The Second Circuit issued three summary orders in criminal cases today.
In United States v. Clare, 15-1601, the Court affirmed the defendant’s conviction on marijuana and gun charges. Clare argued that the evidence at trial was insufficient to sustain the convictions, primarily because the cooperating witnesses were not credible. The Court rejected this argument, explaining that “the credibility of witnesses is within the province of the jury, not this Court.” Order at 2. In light of the remaining evidence, the Court held that a reasonable juror could have concluded that Clare was guilty beyond a reasonable doubt. Because the evidence was sufficient, Clare’s attorney was not ineffective in failing to move for a judgment of acquittal in post-trial briefing. The Court also affirmed the district court’s denial of a motion to suppress.
In United States v. Washington, 14-4740, the Circuit rejected the defendant’s assertion that he had been incompetent to engage in plea negotiations and held that the district court did not abuse its discretion in refusing to hold an evidentiary hearing where the court-ordered evaluation confirmed the court’s view that the defendant was competent. The Circuit also rejected the claim that trial counsel was ineffective for failing to show the defendant a plea agreement. The Circuit held that the defendant could not show prejudice because he had been aware of the approximate contours of the plea agreement – he was told the guidelines range in the plea offer was 42 years less than the range after trial but it actually was 45 years less – and the evidence overwhelmingly suggested that he would have gone to trial even if he knew the correct details. Again, because there was no evidence that would have been elicited in support of this claim at a hearing, the district court did not err in declining to hold a hearing on the ineffective assistance claim.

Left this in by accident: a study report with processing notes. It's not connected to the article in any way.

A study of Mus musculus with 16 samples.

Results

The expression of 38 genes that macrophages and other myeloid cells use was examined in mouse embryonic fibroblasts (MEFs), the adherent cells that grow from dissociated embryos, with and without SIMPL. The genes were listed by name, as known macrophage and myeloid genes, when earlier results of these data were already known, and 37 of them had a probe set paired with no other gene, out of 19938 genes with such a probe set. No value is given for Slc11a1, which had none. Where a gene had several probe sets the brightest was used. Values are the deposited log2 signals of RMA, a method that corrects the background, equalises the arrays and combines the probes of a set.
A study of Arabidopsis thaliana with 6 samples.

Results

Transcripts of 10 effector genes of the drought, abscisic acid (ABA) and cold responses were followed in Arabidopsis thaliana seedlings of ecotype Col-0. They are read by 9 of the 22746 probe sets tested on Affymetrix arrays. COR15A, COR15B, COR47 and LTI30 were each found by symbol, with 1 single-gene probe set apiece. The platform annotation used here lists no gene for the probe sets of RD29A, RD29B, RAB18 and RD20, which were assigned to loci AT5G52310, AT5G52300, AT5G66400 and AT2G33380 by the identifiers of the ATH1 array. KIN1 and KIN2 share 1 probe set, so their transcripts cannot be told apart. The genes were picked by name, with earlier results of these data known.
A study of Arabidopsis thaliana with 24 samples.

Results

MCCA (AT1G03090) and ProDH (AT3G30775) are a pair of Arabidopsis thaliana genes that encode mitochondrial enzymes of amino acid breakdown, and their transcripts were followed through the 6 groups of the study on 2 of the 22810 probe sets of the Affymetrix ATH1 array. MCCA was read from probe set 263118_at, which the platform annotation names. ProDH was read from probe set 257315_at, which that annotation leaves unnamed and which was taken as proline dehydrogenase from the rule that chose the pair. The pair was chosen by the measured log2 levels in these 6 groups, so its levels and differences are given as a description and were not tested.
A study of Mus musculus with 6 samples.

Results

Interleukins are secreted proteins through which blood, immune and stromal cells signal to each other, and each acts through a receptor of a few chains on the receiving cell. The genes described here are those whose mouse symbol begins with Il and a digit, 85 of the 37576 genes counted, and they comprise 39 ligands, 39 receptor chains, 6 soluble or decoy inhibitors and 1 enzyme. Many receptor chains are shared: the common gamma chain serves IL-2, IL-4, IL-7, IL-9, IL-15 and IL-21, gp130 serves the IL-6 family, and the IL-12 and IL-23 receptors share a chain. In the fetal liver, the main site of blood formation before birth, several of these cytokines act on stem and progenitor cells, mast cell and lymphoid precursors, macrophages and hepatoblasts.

In United States v. Rosario, 15-1305, the Circuit held that the district court’s supplemental jury instruction on aiding and abetting liability regarding Count Two, if in error, was harmless, because the jury also found Rosario guilty on Count Three as a principal without a similar instruction. The Court found no error in the challenged portions of the government’s closing argument. And commentary regarding the substance of the defendant’s post-Miranda statements did not amount to an impermissible comment on a defendant’s exercise of the right to remain silent. Finally, the Court rejected Mr. Rosario’s challenge to his sentence. The Court held that the district court did not abuse its discretion in sentencing Mr. Rosario to the top of the guidelines range, even though doing so results in a disparity with respect to his co-defendants. The Court held that the district court “thoughtfully considered Rosario’s arguments regarding the sentencing disparity and explained why the disparity was warranted under the circumstances.” Order at 3.